R.I.P. Robert Hughes, influential art critic, historian, and TV host
Robert Hughes—one of the most passionate art critics of his generation, as well as the author of The Fatal Shore, a bestselling epic history of the founding of his native Australia—died Monday, on his 74th birthday, following a long illness.
Hughes, who wrote about his early years in the 2008 memoir Things I Didn’t Know, published a groundbreaking book, The Art Of Australia, while still in his twenties. After several years spent as a journalist in London, he moved to New York in 1970 to work as Time magazine’s art critic, a position he would hold onto for more than 30 years.
In 1978, Hughes and former Esquire editor Harold Hayes co-hosted the first episode of the long-running ABC newsmagazine 20/20. The premiere was considered such a disaster that by the time of the second episode they had both been scrapped and replaced by a solo Hugh Downs. Hughes had better luck with his 1980 BBC program The Shock Of The New, an eight-part series of “visual essays” on modern art that is generally considered the best TV documentary on the subject ever produced. In 1998, he wrote and hosted a PBS series about the art of his adopted country, American Visions.
As a critic, Hughes took no prisoners. Capable of summing up what he saw as artistic mastery in a few punchy words—and just as capable of defoliating an outsized reputation with a single wisecrack—he warmly celebrated the work of such artists as Robert Rauschenberg, Lucian Freud, Susan Rothenberg, and Frank Auerbach, whom he may have seen not just as major talents but kindred spirits, capable of achieving effects similar to those he managed in his own writing. But throughout what he referred to as “the cultural gorge-and-puke” of the 1980s, Hughes was often the odd man out regarding the most acclaimed, and most commercially successful, artists in New York. He deplored what he saw as the role of money and publicity in distorting the modern art scene—a world where the sole purpose of a painting, he said, was to hang on the wall “and get more expensive.” He lashed out at such scene-makers as David Salle, Keith Haring, and Rene Ricard in the satirical poem “The SoHoiad,” and said of Julian Schnabel’s biopic about Jean Michel Basquiat that it was a movie about the worst artist of the ’80s, directed by the second-worst.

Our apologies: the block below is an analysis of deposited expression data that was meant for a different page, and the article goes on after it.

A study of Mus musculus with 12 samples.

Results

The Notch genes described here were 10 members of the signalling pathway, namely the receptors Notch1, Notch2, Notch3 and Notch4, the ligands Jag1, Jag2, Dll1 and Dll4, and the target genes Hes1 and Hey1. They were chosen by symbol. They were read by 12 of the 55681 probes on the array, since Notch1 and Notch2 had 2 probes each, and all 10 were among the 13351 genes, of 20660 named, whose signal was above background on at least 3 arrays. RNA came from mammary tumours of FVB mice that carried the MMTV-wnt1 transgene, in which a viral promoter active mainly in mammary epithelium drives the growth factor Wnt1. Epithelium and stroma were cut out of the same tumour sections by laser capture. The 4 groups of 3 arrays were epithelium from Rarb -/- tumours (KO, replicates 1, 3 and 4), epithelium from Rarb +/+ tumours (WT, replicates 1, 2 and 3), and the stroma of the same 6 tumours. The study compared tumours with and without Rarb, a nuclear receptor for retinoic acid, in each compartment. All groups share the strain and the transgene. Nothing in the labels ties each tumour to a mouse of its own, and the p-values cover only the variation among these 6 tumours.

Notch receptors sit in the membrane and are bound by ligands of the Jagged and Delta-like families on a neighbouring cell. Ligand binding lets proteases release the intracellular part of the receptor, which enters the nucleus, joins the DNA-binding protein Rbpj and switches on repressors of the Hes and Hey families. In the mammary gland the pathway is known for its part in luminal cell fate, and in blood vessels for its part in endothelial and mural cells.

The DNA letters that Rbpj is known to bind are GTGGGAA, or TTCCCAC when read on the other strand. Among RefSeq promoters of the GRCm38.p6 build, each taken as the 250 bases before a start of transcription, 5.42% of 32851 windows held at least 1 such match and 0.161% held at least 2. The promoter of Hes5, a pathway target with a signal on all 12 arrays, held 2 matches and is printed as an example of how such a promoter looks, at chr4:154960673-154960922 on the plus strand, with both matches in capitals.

Published in 1987, The Fatal Shore extended Hughes’ range and territory and seemed to strengthen his spiritual ties to Australia. (For years, his working title for the book was Kangaroots.) Those ties were severely tested when he was almost fatally injured there in a 1999 car crash, an ordeal that resulted in a court case that was tried in the papers for a year before he was officially judged to have not been at fault. Hughes’ other books include Barcelona, Goya, the review collection Nothing If Not Critical, the wide-ranging 1993 polemic Culture Of Complaint: The Fraying Of America, and A Jerk On One End: Reflections Of A Mediocre Fisherman. His last work, Rome: A Cultural, Visual and Personal History, was published last fall.